Beyond Netiquette: A Torah of Listening

Applying age-old wisdom to the most modern form of communication can help us overcome the deficiencies in e-mail 'conversation.'

In the early years of e-mail discussion groups, the term "netiquette" got coined. It's a neologism for "net etiquette"--the rules and regulations for keeping the internet a healthy place for discussion.

With e-mails flying in Jewish discussion groups recently over the current violence in the Middle East, tempers and emotions are running high. There are so many voices, passions, disputes. That's great, especially if, in the phrase of the Talmud, these debates are carried on "for the sake of heaven." But sometimes they spill over into anger and name-calling. This is bad netiquette and bad Torah.

On one Jewish list I am on, people started screaming at each other, the way we do online--SCREAMING!!! Insults began flying. Name-calling, too. And sarcasm, which can sometimes work in person, seems to produce more pain online--like a dull knife that cuts more jaggedly. Soon, people on both sides of the conflict were threatening to quit the list.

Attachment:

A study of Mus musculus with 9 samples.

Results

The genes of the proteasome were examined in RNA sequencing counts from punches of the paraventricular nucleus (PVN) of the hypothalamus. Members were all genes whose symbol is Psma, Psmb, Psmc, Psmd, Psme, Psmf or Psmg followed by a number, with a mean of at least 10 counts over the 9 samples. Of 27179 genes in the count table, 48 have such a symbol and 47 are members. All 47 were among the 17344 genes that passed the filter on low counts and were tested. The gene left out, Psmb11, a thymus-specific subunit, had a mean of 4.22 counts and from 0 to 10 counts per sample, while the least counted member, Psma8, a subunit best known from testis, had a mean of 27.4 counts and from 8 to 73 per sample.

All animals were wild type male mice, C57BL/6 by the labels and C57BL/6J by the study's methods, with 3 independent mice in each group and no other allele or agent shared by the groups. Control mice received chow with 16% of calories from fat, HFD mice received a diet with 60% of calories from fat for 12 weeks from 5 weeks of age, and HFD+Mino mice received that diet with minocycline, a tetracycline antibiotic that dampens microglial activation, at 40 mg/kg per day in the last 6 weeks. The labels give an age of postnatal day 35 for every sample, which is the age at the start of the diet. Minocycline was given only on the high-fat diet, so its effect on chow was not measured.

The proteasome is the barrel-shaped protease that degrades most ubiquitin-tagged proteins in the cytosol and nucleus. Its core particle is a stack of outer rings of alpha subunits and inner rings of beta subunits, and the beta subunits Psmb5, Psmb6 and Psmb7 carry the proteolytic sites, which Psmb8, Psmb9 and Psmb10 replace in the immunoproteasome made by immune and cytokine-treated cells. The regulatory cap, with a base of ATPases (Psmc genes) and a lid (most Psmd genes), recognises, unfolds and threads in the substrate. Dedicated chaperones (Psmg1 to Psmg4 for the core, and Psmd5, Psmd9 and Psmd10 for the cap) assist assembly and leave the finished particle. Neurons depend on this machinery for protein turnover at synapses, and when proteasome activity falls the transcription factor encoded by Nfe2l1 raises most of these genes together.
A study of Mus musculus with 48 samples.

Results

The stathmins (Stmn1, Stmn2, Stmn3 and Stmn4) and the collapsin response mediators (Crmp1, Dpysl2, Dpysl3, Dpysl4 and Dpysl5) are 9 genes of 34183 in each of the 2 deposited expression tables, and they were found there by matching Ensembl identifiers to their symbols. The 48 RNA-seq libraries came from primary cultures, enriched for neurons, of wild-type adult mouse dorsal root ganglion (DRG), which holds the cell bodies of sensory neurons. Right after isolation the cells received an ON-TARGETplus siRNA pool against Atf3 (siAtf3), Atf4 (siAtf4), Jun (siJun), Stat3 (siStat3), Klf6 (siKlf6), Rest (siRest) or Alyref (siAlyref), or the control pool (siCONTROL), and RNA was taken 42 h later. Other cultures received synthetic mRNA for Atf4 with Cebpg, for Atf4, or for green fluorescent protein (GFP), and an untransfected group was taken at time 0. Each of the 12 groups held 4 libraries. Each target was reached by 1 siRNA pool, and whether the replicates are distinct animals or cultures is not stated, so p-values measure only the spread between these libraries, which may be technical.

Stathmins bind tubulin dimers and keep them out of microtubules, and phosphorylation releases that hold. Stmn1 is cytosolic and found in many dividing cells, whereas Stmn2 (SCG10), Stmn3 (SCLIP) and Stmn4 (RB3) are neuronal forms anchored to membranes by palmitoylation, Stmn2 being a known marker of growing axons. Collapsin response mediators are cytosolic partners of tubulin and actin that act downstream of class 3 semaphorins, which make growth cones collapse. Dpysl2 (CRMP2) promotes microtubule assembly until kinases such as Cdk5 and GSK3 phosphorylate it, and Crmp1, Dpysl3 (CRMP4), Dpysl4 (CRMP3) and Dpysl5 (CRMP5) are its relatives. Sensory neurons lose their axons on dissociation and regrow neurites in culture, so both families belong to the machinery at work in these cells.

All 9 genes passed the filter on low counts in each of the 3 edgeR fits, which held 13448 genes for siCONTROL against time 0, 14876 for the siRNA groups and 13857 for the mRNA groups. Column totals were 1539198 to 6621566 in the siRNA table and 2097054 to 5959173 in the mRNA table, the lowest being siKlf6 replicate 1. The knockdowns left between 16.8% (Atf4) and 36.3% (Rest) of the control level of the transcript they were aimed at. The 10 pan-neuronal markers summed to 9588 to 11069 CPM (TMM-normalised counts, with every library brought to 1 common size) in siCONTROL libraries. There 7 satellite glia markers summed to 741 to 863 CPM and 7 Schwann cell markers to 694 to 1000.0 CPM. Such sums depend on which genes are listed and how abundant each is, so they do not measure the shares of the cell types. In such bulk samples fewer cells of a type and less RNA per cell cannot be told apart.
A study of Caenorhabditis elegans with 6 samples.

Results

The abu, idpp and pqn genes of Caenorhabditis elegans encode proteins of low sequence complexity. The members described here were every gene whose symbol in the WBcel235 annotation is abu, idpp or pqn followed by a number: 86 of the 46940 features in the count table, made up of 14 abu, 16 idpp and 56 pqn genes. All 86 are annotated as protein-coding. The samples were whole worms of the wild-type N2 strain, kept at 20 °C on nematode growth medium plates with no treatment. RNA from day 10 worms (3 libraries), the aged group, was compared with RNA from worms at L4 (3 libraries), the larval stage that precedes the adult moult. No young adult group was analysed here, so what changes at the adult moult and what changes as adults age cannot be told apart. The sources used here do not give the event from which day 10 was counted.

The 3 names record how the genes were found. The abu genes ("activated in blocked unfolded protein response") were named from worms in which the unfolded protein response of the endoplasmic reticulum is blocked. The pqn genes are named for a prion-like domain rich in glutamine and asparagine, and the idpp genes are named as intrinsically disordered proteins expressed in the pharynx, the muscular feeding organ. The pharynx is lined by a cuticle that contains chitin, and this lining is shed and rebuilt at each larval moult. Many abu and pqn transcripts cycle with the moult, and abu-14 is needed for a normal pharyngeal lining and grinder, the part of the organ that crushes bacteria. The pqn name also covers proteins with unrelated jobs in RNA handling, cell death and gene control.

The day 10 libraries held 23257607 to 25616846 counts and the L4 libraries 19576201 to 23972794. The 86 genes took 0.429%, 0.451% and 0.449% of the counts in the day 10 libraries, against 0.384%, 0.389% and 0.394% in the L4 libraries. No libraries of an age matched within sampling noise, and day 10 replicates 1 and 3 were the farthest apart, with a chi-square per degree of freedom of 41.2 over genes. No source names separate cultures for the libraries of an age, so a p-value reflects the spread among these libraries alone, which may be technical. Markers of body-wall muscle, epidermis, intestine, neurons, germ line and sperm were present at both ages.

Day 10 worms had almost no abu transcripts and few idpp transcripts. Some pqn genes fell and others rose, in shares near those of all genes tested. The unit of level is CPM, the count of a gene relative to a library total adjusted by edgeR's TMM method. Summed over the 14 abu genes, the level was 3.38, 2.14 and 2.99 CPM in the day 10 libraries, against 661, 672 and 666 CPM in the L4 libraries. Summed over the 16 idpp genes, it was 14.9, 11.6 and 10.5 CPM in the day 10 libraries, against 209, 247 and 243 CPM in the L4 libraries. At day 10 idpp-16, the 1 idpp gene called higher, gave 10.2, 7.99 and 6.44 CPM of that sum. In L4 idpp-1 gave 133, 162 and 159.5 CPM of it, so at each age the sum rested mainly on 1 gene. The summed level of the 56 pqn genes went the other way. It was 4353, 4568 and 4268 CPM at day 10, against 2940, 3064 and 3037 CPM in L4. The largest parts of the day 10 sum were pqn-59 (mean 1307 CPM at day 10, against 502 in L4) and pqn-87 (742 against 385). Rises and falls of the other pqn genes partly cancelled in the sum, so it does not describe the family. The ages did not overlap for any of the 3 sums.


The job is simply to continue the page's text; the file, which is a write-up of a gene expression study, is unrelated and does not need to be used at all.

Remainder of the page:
As Jews, we are called to a different standard, expressed for instance in that essential compendium of rabbinic wisdom, the Pirke Avot (Sayings of the Fathers), as well as in the Torah. Here are a few quick rules to improve internet discussion--not just for Jewish groups, of course, but for any group:


1. Judge every person with the scale weighted in that person's favor. (Pirke Avot)

2. Love your neighbor as yourself. (Torah)

3. Do not hold a grudge against your sister or brother. (Torah)

4. Every human being is created in the image of God. (Torah)

5. Anger is the equivalent of idolatry and should be avoided at all costs. (Maimonides, Talmud)

These rules could ideally guide all our interactions, but they are especially needed on the net, because internet writing has a peculiar immediacy that often leads to a lack of restraint. It is pitched somewhere between a personal note and a telephone call, and that's a problem: We will often write things that we would never say in person.

Before the net, I would sometimes write long letters to "get things off my chest"--then, thank God, I would tear them up. But now it is all too easy to go from thought to writing to pressing the "send" button.

What is the effect on the group when all this instant anger and instant reaction starts flying through cyberspace? Of course, if people write in anger, our first natural reaction is to shut down and be annoyed.